Financial Crisis Shows Why U.S. is a Long Way from Toppling: Clarin of Argentina
Contrary to the now-popular wisdom about the end of American financial dominance, Jorge Castro of Argentina’s Clarin newspaper argues that the crisis merely demonstrates the inherent strength of the United States and its primacy within the global economy.
After agreeing with those that believe John McCain is running out of options this election cycle, Castro writes in part:
“The U.S. economy is, like its currency, the reserve and the most technologically advanced platform in the world. More than in normal times, this crises is revealing of the essential nature of this phenomenon. U.S. productivity is as important to the structure of global power as the law of gravity is to physics.”
By Jorge Castro
Translated By Halszka Czarnocka
October 10, 2008
Argentina – Clarin – Original Article (Spanish)
We are in a new phase of the North American electoral process, when the race is about to enter the home stretch toward the voting on the first Tuesday in November. The economy has become the central theme on the electoral agenda, after the intensification of the financial crisis and Congressional approval of the $700 billion rescue plan. In this new phase, Democratic candidate Barack Obama is significantly ahead of Republican John McCain in the crucial states, where the votes of White workers with a minimal level of education and income, are going to decide the election.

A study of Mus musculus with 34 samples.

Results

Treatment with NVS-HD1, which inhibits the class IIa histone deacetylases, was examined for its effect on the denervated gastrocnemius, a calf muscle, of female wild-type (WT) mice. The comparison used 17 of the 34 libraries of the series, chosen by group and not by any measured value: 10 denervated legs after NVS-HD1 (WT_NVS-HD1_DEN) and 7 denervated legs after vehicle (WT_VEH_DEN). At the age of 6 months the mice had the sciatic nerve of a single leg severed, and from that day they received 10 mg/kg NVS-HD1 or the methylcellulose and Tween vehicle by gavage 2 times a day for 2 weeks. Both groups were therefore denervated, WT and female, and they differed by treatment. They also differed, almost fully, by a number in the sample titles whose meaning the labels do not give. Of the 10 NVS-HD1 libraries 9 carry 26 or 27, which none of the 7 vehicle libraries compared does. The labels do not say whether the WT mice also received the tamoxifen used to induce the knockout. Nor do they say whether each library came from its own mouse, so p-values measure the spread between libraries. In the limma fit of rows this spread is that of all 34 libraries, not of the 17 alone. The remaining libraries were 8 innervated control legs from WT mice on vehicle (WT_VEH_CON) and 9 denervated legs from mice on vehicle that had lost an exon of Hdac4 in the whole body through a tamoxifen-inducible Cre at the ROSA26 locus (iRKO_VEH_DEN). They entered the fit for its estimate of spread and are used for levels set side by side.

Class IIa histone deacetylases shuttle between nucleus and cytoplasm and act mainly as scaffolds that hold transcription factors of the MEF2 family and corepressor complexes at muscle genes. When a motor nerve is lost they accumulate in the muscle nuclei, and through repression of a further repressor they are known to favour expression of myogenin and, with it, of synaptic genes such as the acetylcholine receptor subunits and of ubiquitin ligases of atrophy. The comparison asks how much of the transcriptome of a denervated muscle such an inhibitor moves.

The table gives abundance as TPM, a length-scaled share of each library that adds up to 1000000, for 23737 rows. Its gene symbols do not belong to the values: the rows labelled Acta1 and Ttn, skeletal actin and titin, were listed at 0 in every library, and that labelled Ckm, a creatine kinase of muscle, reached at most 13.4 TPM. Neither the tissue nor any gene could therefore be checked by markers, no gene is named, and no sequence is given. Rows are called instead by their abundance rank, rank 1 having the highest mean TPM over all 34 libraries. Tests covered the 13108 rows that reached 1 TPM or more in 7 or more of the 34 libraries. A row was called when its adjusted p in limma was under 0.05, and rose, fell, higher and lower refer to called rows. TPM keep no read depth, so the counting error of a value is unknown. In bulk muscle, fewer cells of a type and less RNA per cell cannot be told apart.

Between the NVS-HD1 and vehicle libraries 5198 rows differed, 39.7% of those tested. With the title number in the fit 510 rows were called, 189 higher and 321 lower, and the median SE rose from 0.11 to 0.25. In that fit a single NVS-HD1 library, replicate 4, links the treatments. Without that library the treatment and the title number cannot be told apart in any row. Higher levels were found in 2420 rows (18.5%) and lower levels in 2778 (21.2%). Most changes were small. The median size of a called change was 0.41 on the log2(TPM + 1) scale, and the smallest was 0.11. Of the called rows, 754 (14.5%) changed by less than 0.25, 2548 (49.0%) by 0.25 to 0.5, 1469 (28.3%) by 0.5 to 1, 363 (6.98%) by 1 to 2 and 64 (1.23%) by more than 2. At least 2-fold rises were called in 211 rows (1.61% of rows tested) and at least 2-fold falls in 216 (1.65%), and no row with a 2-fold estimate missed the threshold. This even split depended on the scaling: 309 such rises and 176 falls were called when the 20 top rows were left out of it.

Last Friday, McCain withdrew his campaign from the heavily industrial state of Michigan, which now has the highest level of unemployment in the U.S.: 8.9%. In the auto industry alone, 390,000 jobs were lost in the past four years. In Michigan, Obama has a nine-point lead over McCain, five of which have been gained in the last ten days. Michigan seems to show the tendency sweeping other “blue states” like Pennsylvania and Ohio – with a high proportion of working people who voted for Hillary Clinton in the primaries and still haven’t connected with Obama.
READ ON AT WORLDMEETS.US, along with continuing translated and English-language forein press coverage of the U.S. election and the unfolding financial crisis.